Failure and the Weight Loss Resolution

Why are you likely to fail? You should start by asking yourself what it is that you want to achieve, and what are you willing to do to reach your goal. Once you have decided what your end goal is, the next step is developing a detailed plan because a goal without a plan is just a wish. This may include a specific diet, exercise plan, lifestyle changes, etc. Once you have made a road map for yourself, you are more likely to follow through with what you set out to accomplish.

It is also important to bring your friends and family into your weight loss journey. Some fall short of their goals because they made a promise solely to themselves. When left to our own resources, we have no problem letting ourselves down. If you promise someone that you will be there for them, you are far more likely to follow through. The same idea applies to weight loss. If you profess your path to weight loss to someone else, along with specific goals and time frames, you are more likely to succeed.

The keys to a good weight loss strategy:

  • Setting achievable, realistic goals
  • Developing a specific plan
  • Being persistent
  • Holding yourself accountable for setbacks
  • Involving others

Spring time has finally won!

We are over the long, dreary, cold days of winter.  Lawn mowers spring to life, wheel barrows are full of mulch, and everywhere you look, people are shoveling, stooping, and planting.  For most of us, our backs and knees are not as forgiving of an idle winter season as our flower beds.

Following an afternoon’s pleasure in the yard, we are reminded that we overindulged in an activity of which we were unaccustomed, and now we are suffering in our backs, knees, and all over our body.  

In a recent Gallop pole of 2,000 adults, nearly half suffer from back pain and half of those do so as a result of gardening.  Is that really surprising though?  We have spent the last several months inside, away from these activities, and perhaps away from any activity.  We are out of “shape,” and our muscles have become tighter and weaker.  We haven’t done anything to address those nagging aches and pains from last year.  In the spring rush of enthusiasm we then stay at tasks for hours bent over.  We lift heavy loads.  We twist, kneel, stand, and overreach.

So what’s a gardener to do?  The first and most important step is to give your body the same consideration you give your garden by spending a little time planning and preparing.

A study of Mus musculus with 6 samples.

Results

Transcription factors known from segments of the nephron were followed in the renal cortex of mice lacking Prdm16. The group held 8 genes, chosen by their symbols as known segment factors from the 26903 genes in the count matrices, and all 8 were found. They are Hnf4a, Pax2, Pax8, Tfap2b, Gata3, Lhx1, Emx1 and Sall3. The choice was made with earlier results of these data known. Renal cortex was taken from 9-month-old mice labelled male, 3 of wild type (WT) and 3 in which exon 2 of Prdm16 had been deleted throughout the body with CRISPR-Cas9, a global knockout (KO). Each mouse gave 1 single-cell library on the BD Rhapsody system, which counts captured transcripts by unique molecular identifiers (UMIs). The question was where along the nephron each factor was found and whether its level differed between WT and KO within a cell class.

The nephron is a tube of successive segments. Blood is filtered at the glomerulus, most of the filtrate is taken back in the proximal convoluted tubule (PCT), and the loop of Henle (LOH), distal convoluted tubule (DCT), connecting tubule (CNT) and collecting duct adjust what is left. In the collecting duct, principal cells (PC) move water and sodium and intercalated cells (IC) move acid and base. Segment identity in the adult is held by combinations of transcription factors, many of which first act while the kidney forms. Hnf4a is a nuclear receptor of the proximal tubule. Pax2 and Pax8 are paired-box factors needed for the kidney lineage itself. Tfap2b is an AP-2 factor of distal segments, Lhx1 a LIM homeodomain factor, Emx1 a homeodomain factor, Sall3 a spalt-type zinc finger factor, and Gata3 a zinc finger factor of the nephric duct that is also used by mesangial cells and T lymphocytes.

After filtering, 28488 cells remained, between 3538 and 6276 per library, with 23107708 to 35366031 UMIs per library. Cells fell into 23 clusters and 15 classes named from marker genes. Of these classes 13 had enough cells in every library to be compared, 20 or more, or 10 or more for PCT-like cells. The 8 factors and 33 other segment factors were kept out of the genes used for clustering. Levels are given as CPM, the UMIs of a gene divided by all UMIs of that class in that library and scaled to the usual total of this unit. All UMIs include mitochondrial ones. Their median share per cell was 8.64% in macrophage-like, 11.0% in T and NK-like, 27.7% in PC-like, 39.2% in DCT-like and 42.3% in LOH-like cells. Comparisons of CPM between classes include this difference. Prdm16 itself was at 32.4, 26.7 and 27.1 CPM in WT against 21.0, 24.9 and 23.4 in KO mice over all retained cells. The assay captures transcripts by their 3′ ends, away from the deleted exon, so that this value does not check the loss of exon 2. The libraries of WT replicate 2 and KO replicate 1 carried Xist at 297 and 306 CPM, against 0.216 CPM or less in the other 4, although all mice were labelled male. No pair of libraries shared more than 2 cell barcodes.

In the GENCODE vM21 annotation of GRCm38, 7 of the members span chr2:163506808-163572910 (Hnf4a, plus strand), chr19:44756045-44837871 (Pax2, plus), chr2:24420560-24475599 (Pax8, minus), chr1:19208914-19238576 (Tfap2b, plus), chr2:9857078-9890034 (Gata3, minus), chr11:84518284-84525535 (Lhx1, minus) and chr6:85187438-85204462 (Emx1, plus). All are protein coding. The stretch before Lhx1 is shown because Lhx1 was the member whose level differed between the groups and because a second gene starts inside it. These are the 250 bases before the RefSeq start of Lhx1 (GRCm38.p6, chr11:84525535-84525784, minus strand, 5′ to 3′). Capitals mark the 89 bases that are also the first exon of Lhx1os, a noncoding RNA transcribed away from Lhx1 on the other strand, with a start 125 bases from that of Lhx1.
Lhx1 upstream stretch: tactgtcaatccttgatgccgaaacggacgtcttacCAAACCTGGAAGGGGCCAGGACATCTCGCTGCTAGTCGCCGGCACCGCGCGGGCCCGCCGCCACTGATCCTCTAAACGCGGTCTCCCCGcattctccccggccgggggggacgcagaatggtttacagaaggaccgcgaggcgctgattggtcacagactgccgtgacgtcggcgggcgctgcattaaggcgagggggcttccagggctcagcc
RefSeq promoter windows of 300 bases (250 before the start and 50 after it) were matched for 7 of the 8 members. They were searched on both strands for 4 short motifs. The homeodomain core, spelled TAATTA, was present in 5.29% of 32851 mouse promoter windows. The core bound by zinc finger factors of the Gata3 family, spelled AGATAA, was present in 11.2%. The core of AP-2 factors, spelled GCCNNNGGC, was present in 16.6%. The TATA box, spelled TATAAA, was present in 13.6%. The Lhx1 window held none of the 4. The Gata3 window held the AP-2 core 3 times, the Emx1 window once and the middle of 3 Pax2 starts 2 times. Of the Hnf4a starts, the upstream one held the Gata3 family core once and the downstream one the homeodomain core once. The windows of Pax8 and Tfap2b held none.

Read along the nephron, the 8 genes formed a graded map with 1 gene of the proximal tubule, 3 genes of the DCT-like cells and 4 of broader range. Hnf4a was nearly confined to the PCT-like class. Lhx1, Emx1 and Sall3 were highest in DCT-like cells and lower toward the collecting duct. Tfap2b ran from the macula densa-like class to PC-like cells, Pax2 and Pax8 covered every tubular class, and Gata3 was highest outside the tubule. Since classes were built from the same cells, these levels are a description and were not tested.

1. Prepare:  Those nagging or recurring back or knee problems that limited you last year will still be with you if you haven’t done anything about them.   Just as athletes rehab their injuries and train in the off season, gardeners should do the same.  A comprehensive examination by a skilled physician is the first step to identifying the root cause of your pain and dysfunction.  The prescription will involve starting an appropriate exercise program of focused stretching and strengthening, or perhaps an injection of your arthritic knee may be needed.  Additionally, a  well designed, “preseason” training program of stretching and strengthening will often prevent or limit soreness or new problems. 

  2. Adjust: If you have back and or knee problems, raise the height of your flower beds or sit on a stool.

  3. Warm-up:  Begin every gardening session with some stretches provided by your therapist.

  4. Tools: Use the right tools, whenever possible use long handled, lightweight tools.
      
  5. Work Smart:  Avoid working in a single position more than 20 minutes.  For example, weed for a while, then prune for a while, now plant a few bulbs, etc…

  6. Bend Your Knees: To lift with ease you need to bend your knees. Plan your lifts.  If it looks too heavy ask for help.  If you do lift keep you back straight and lift with you legs.  Always carry the load close to your body.

  7. Water: Drink Lots of Water. Working muscles build up toxins.  Water helps flush them out and limits post activity soreness.

Back to school

A backpack is a great way of carrying the books, binders, supplies, lunches, gym clothes, and everything else needed for school. But, in order to carry all of those things backpacks have become larger and larger... but have they become too large and too heavy? How much is safe for your child to carry?

 
 

The American Physical Therapy Association recommends that your child's backpack should never exceed 10-15% of their body weight, although most packs are often close to 30-45% of their weight. When stresses placed on the spine exceed its ability to absorb them, spinal imbalances - and injury- will happen.  A heavy backpack, for example, can pull a child backward, causing them to compensate by either bending forward or arching their back. Slinging a backpack over one shoulder can also cause a child to lean too far to the other side to offset the weight. Over time, this overcompensation can lead to poor posture, muscle strain and pain in the back, neck and shoulders. Backpacks with tight, narrow straps that dig into the skin can cause tingling, numbness, and weakness in the arms and hands.

What can you do?

  • Pack lightly.
  • Organize - heavier items closest to the back and use the compartments.
  • Use both shoulder straps, make sure they are wide and padded.
  • Tighten the straps so the backpack sits close to the back and in the middle.
  • Use a locker, don't care everything at one time.
  • Squat down, bend at the knees not the waist.
  • Encourage your child to tell you if they are experiencing pain.
  • Schedule an appointment with a doctor if they do experience any pain.